The underlying principle at work here is: Notated music "doesn't show everything."
Compare, say, the sheet music of the Moonlight Sonata to a midi file capturing a performance of it.* The midi file records the exact velocity with which each key was pressed, how long it was held, and the exact timing from note to note. As the performer emphasizes certain notes expressively, or delays them, or quickens the pace slightly, all these details are recorded. Traditional staff notation doesn't document this level of detail—and that's kind of a good thing. For one thing, it would be tremendously confusing to read, and for another, it would leave no room for personal "interpretation." Every performance would be the same. So every human performance contains infinite data points of "interpretive" decisions to emphasize or de-emphasize certain notes, to modulate their attack or release in certain ways, or to manipulate the timing intentionally, and most composers are happy to leave this granularity of detail up to the performer.
The concept of metric emphasis is one of these. It's also complicated by the fact that it's an abstract concept. In an actual musical phrase, other factors might influence emphasis, perhaps even in ways that contradict the meter (minuets, mazurkas, ländlers, and even basic rock-and-roll can feature heavy emphases on what are supposed to be "weak" beats).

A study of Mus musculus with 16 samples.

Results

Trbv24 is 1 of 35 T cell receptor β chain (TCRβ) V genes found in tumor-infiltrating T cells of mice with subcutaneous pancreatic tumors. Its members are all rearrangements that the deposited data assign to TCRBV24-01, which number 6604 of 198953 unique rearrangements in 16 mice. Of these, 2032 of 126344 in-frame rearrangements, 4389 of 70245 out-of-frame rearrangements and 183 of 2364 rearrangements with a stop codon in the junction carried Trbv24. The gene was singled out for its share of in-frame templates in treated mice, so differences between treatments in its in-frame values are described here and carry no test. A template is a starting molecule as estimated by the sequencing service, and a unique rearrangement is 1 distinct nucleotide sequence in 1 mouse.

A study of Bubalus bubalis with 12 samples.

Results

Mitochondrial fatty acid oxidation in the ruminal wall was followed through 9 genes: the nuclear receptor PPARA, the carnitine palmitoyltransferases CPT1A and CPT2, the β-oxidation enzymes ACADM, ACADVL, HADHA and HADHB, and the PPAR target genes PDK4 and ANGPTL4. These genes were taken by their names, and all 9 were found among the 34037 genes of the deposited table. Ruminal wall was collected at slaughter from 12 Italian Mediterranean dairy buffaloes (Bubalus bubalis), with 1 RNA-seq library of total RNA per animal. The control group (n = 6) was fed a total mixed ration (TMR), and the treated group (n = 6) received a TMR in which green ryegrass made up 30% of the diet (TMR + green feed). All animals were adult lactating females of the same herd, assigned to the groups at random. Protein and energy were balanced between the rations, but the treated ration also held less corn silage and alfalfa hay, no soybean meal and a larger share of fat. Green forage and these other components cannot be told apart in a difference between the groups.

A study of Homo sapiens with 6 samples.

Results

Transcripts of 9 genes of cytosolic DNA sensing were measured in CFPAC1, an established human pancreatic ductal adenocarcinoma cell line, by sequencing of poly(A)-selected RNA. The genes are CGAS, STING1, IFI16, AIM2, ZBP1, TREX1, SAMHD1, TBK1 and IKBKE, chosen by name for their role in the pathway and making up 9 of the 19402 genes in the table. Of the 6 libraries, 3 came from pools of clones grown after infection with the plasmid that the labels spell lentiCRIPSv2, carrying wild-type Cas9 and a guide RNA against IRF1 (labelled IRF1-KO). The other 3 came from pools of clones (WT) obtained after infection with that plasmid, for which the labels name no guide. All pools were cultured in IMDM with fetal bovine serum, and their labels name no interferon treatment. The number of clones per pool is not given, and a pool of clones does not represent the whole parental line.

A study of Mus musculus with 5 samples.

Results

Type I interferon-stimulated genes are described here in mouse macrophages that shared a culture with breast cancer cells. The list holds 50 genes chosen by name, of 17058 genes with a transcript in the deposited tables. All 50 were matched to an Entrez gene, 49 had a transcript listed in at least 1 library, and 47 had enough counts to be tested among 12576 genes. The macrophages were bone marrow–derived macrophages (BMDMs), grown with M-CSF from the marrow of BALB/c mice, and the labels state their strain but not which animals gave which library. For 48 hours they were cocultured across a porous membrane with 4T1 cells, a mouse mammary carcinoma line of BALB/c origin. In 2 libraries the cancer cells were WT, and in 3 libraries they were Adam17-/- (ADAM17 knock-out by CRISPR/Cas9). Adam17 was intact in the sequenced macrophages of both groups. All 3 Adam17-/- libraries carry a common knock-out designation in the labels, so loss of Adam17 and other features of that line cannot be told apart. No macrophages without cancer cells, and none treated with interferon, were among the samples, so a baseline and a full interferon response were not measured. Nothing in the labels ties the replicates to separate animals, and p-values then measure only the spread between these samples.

But the idea is: Yes, the first note, the downbeat, is almost always thought of as emphasized. In practice it will often get some emphasis as well, though of course you could imagine "overdoing it." (And "overdoing it" will look different in different contexts—oom-pah bands or disco are built on heavy metric emphasis, but other genres might lighten up.)
Now what about DAWs, or metronomes, or other robots? What about a human performance of a piece like Steve Reich's Clapping Music that aspires to make every note equal in emphasis?
At that point we run into the fact that meter is a concept. Yes, most of the time it will also affect the human-produced sound, but even when it doesn't, it may be superimposed on the actual sound. You can turn on a metronome and set it to 240. You may then think of that series of undifferentiated pulses as quarter notes (in 3/4, 4/4, or any other number of beats, imagining an emphasis on a downbeat. Or you can think of the metronome's sounds as representing eighth notes with a quarter-note speed of 120, or triplets at 40, etc. You can perform a piece with subtle, limited metric emphasis, but still make the meter much more important in your mind.
* Disclaimer, there's a lot I don't know about MIDI. Just making an analogy.